Reading this, I want you all to know I’m taking some annual leave. Outside the break from work the Silly Season hands us – not necessarily a very restful break – it’s rare for me to take time out, especially at this time of year. It’s just that in the whirl of getting everything done, I forgot myself, and as the saying goes, when we don’t discipline ourselves life has a way of doing it for us.
I ignored the early warning signs, kept pushing the overdrive buttons and found myself (as regular readers will know) a month or so ago in an ambulance on the way to hospital for my asthma.
It forced me to think (along with the cold, wet weather we’ve been experiencing in Sydney and Melbourne) about putting myself first. I realised if I didn’t I wasn’t going to be able to meet my obligations – family, work, community – and no one else was going to do it for me.
It’s similar to ensuring you have your super on track and up-to-date, that your budget is in place to meet your financial obligations as well as any unforeseen emergencies, and importantly, that your insured.
I know they say that self-awareness leads to much better self-management but I’ve also been told by psychologist acquaintances of mine that our very human tendency is to believe that in all the important areas, our jobs, relationships, how we cope with life, that sort of thing, we will perform better than the average person. It’s a phenomenon known as self-serving bias, and my theory is this bias also makes us believe that unusual things – good or bad – also won’t happen to us.
The LR theory on why we ignore the obvious goes like this: “The odds of something going wrong and me needing life insurance, income protection, enough super to cover my retirement and old age, are just not that likely. So, why plan for them.”
Take this statistic: only four percent of households with dependent children have life insurance. Now that is frightening. As for income protection, even people who run and own their own businesses, if they have considered it, often push it aside because they assume they’re immune or their budget priorities and hierarchies of need allow them to let it slip to the bottom of the pile. Double whammy for any family they have.
But it’s the percentage of women with underfunded super that still has me reeling. Women live longer and we can’t work forever. With fewer people coming up behind us, we are not going to have the workforce to support any realistic level of a pension. To think the government can step in and save us is ludicrous.
It’s why celebrating women and their achievements at Westpac branches throughout the country this year, and culminating in October with some fantastic events and opportunities, I am hoping women take the time to open a conversation with us about their worries and their successes and share their good and bad experiences.
Of course, on Ruby we have the perfect forum for communication and we always encourage member involvement – but there’s often nothing better than speaking with someone face-to-face about your needs and wants and getting information you can use. Better self-management often comes with the realization we are not alone.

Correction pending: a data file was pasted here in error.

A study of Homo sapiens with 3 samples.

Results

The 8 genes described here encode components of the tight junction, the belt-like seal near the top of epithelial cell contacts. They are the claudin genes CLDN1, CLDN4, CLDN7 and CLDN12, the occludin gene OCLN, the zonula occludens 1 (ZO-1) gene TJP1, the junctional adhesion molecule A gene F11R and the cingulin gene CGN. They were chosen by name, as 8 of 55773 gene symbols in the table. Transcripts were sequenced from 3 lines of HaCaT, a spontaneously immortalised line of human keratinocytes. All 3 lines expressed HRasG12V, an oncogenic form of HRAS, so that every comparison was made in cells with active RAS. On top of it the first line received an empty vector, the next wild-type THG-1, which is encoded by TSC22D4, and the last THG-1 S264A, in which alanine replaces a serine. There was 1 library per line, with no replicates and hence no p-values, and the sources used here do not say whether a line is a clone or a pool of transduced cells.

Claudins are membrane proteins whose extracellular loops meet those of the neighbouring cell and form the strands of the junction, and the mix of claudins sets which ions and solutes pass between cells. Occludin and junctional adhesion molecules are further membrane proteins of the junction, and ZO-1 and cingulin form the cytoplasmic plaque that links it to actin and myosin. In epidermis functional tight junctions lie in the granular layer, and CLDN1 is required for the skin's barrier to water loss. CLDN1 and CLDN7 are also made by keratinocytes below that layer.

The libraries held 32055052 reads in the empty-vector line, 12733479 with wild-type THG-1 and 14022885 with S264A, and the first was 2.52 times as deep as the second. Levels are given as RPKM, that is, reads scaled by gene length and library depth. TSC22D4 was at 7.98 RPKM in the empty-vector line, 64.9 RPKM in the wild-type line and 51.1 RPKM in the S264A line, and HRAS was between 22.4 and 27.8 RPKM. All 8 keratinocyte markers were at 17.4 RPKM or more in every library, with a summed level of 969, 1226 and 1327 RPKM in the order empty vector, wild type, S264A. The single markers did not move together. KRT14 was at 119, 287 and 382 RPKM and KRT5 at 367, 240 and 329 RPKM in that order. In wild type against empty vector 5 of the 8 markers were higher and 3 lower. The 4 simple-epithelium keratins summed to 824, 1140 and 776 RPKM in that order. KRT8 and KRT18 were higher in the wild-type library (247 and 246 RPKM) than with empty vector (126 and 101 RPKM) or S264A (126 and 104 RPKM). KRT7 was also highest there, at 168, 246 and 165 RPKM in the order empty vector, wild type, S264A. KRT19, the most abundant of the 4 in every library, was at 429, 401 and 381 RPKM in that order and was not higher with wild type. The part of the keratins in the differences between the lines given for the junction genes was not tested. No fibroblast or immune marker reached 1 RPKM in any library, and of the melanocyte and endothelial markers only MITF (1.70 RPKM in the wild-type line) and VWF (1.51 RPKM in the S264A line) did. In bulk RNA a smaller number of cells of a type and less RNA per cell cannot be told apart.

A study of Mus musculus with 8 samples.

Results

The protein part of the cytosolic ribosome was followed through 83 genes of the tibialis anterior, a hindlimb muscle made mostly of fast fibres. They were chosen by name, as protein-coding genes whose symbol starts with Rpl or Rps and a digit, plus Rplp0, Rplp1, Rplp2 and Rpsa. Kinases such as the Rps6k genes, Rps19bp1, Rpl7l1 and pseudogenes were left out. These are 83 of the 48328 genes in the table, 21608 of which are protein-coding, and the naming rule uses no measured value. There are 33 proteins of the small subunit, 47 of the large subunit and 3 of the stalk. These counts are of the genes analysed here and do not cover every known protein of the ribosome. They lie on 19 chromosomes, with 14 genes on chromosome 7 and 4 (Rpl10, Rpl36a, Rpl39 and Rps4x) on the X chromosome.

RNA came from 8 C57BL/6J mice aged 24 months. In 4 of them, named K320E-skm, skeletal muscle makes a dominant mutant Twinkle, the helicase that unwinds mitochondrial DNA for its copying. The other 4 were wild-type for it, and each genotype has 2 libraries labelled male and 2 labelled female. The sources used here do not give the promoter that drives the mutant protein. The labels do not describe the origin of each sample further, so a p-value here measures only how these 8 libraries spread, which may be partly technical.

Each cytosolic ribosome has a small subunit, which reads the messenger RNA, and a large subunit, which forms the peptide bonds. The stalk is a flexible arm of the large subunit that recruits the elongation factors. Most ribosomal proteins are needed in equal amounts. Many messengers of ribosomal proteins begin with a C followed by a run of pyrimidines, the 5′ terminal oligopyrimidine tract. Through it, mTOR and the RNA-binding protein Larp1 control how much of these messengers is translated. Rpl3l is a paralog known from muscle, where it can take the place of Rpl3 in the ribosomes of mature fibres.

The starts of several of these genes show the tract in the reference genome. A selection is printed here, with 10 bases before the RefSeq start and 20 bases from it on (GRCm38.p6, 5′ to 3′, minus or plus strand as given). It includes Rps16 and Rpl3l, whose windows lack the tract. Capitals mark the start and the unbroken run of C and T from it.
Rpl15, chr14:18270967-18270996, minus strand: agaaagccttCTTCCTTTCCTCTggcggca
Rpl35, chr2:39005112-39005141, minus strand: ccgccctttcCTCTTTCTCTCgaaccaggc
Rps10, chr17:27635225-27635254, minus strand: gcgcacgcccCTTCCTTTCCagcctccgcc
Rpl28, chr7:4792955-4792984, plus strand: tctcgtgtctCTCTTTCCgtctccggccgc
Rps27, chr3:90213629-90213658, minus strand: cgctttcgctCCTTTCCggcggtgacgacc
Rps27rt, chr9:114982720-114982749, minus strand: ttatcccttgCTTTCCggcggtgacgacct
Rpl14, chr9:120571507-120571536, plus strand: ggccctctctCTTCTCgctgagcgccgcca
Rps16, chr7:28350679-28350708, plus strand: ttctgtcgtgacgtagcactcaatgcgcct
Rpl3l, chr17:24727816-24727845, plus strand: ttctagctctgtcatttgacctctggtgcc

October is also National Breast Cancer Foundation month and a time to remember and celebrate the role we can all play in finding a cure. It’s not just about giving financially, although that always helps. It’s about supporting with time and celebrating the dedication of those who make it their life work. Their unflagging optimism is inspirational.
I’d describe myself as a realistic optimist rather than a defensive pessimist (except when it comes to super), and most of the people I know tend to hover in the same area. It doesn’t surprise me to read about the crises in retail or to hear the effect of the Carbon Tax will be to raise prices in certain areas and dampen private consumption. Most of the women I know have been tightening their budgets for a while now. That is what we know about women, they tend to calculate the risks and plan to be prepared. And in that, they will often prioritise other needs above their own, because, let’s face it, we are saints.
Jokes aside, household budgets are getting tighter and the lack of retail spend is an indication our consumer confidence has seen better days but, for the sake of having good mental health, it is important to keep things in perspective.
Constant negative thoughts are known to play havoc with your mental and physical health and they are often irrational and unrealistic. Bring those anxieties out into the sunlight to be examined more closely and the vast percentage can be dealt with easily.
It’s just not helpful to remain defensively pessimistic all the time – cautious optimism is where we need to go.
Which brings me to our exciting upcoming Ruby survey. We want to know what you think about a whole bunch of issues that affect women and what better way than to ask you the questions we hear being asked every day around the water cooler, in our boardrooms and around our management tables, on the streets and in business. Your answers will help us understand what our successes look like and… our anxieties. By discussing them we can alleviate the burden of them.
No doubt we will also uncover fantastic strategies for coping and keeping mentally and physically fit as well as inspiring stories of realistic optimism. I can’t wait to hear from you and to report back on what we uncover.